Pre K students are gathered at the edge of a small stream watching the water trickle over the pebbles and rocks in the riverbed. Look at that leaf go! Little objects hitch a ride on the current and float on down. Other children are engaged in collection. We’ve given them buckets to collect their nature items and they are busy filling them with dandelions, leaves and sticks of all sizes. Another group of children are working to haul a branch over to their selected site.
These students are all working on creating ephemeral art, on site. Their observations and process language is being recorded by adult onlookers. These teachers and parent volunteers are documenting the children’s work by taking photos and writing down short phrases they hear from each group busy at play. This documentation will later be used to craft poetry about the natural artworks displayed side by side with photos of their art.
I have happily guided four and five year old Pre-K students on this exploration with my dear co worker, Pre K teacher Mrs. M, but I want to point out that it is a phenomenal program in which every age level, including adults(!) find value and joy. Brian Hayes and Eric Mollenhauer led the amazing workshops I’ve attended, This was previously through the organization, EIRC, host of the Monarch Teacher Network, but is now in a transition phase.
There is an upcoming Voices from the Land workshop in Hillsborough NJ, if you are in the tri-state area, at Duke Farms on Friday June 9-Saturday June 10th. You can register for the workshop (cost of $50) at this link . The workshop will give you amazing resources as well as the hands on experience of being a participant.
Why choose this process over other ephemeral art projects that you see all over pinterest?
Voices connects children to the Earth. It advocates going into nature, rather than bringing natural materials inside.
The program is a fantastic interdisciplinary experience. The process of exploring a site, crafting the art and poetry along with a performance brings together many ‘subjects’. It’s a great thing to brag about to your admin and even better to be a part of it.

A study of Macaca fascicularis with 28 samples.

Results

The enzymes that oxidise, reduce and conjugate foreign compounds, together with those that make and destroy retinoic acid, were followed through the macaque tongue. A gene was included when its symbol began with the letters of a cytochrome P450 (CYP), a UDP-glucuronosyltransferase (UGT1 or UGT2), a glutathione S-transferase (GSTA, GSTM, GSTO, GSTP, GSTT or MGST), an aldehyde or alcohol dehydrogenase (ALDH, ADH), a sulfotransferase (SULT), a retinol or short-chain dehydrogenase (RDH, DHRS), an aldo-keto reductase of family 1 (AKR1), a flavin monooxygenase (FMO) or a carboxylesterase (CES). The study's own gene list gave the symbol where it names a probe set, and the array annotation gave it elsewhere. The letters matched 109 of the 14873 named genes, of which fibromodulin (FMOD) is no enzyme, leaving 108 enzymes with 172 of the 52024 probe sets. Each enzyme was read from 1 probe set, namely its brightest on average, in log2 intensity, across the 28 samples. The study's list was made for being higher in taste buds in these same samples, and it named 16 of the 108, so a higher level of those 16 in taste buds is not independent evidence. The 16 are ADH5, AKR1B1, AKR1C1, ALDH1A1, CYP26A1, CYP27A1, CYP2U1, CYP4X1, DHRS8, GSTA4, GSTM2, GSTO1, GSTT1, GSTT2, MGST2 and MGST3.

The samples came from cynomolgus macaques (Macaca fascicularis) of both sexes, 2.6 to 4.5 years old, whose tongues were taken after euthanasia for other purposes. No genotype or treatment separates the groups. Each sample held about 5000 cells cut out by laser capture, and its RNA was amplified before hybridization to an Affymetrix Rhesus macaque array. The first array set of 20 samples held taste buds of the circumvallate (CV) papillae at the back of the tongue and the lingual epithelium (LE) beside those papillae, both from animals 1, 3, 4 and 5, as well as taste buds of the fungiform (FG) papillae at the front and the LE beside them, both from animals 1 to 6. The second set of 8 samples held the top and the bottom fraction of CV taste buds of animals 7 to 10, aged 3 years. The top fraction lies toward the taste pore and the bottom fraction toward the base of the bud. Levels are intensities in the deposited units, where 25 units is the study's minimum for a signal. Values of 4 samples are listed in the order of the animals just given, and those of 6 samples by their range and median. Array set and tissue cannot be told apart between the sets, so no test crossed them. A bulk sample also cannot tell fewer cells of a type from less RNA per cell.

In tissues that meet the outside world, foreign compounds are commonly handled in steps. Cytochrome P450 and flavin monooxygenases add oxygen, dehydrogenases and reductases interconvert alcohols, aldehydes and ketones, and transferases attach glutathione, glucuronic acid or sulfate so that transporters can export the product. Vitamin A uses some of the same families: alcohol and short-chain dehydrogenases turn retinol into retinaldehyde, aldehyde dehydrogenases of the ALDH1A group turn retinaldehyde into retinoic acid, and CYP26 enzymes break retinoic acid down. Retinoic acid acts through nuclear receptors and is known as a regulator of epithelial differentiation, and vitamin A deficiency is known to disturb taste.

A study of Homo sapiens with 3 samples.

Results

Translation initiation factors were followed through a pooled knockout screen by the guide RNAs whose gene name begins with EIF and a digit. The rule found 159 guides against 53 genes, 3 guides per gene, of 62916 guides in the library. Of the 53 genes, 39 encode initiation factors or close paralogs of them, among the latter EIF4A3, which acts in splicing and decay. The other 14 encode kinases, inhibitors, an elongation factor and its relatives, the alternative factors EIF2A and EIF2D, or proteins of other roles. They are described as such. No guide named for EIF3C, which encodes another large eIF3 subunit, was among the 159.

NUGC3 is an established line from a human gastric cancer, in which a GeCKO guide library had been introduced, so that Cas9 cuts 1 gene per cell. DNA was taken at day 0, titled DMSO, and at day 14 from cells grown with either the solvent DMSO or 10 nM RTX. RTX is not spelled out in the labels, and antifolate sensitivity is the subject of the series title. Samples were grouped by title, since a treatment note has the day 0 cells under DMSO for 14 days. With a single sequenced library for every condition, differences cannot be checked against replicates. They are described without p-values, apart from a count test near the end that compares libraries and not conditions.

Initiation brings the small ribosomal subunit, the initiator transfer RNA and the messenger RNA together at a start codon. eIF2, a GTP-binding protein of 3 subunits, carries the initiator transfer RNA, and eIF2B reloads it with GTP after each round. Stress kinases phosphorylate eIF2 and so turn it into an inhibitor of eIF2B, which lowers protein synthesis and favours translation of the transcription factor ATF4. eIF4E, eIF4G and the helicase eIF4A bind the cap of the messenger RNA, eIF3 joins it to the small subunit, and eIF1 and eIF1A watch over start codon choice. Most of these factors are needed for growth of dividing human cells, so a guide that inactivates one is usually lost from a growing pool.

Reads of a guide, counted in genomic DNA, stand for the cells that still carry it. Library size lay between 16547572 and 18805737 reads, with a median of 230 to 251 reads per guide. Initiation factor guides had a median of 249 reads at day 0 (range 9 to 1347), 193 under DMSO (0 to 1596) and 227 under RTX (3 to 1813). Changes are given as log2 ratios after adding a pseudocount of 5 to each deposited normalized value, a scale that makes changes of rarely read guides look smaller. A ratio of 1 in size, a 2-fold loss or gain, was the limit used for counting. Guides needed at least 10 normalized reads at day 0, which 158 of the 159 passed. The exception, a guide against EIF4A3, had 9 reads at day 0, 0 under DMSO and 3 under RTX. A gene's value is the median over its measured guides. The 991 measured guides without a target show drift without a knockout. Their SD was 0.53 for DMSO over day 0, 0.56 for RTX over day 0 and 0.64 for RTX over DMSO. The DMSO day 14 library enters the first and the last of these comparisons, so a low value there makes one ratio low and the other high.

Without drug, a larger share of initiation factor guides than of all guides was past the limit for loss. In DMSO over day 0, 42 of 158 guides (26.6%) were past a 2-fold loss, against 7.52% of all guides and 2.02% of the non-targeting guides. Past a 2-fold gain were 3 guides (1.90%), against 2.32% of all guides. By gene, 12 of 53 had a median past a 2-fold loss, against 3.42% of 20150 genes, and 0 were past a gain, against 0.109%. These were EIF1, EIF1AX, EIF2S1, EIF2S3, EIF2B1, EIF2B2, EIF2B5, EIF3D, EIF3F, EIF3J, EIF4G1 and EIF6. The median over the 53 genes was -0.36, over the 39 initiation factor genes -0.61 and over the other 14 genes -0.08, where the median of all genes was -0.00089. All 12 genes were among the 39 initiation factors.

Collaborative art-making creates wonderful bonds. Want to bring your group together? Join them through imaginative play and discovery.
Although the art is natural and ephemeral, the documentation is fantastically digital and therefore, sharable! You can make photo books for the whole class, posters or digital graphics. Put it on your website, tweet it, instagram it, the whole sha-bang!
Begin with sharing the objective, yes, Robert Smithson’s Spiral Jetty and other art pieces are the jumping off point! But there is so much more, specifically on the poetry/prose end and on the documentation. There is awesome opportunity to delve into all manner of Art elements and principles within this project. I itch to try it with older students myself. Students then go to a natural site where they can create the work, choose a specific installation site and materials and begin to work.
One of the best parts of the voices process is “appreciations”, which we art teachers know better as the critique. Consider the word, appreciation as it is the essence of the response. Students are not only learning to listen to nature, but to listen to one another. Each group is given the chance to talk about their piece and share their process thoughts. (This is another opportunity for the recorder to take down pieces of language) At the end of the share, positive feedback can be shared and most definitely applause.
In the training for Voices, one does this workshop with other adults and it’s lovely to hear adults explaining their art, sometimes bashfully, because they are reaching for the memory of play, which used to come so easily to us as children! Conversely, when you listen to children share, they’re so definite in their explanations. As in, ‘This acorn man is traveling down the leaf stream to his home. It has booby traps’.
After our field trip to a voices appropriate site, we return to the classroom to craft the poetry.
With pre K students we’ve found the best way to write poetry with them is to have a few things prepared. One, photos of their ephemeral art so that they may be reminded of their creation and two, strips of paper with the words and phrases they expressed during building. Remember that an adult recorder was working to capture the process thoughts and ideas of the students as they worked. These words will become an integral part of their word work. It may seem crazy to write poetry with four year olds, but actually, it comes pretty naturally to them. Thoughts expressed in fragments and onamonapia are perfectly comfortable for a child this age.
An adult sits with the group and we read the words aloud and ask the students what to start with. Sometimes I’ll suggest connecting words for the poem and sometimes the group wants to add on a thought they hadn’t expressed during building, but which fits now.
Combining the photos with the poems creates a magical artwork. Many groups create shutterfly books that combined the whole class’ efforts. You can devote pages to photos of the students at work, the artwork and poems and the children sharing their art as well.
Thank you for reading! I hope you get the chance to take this workshop at a site near you sometime soon! Remember in the NJ area, you can catch it this June. If you are planning to attend- let me know, I’d love to see you there!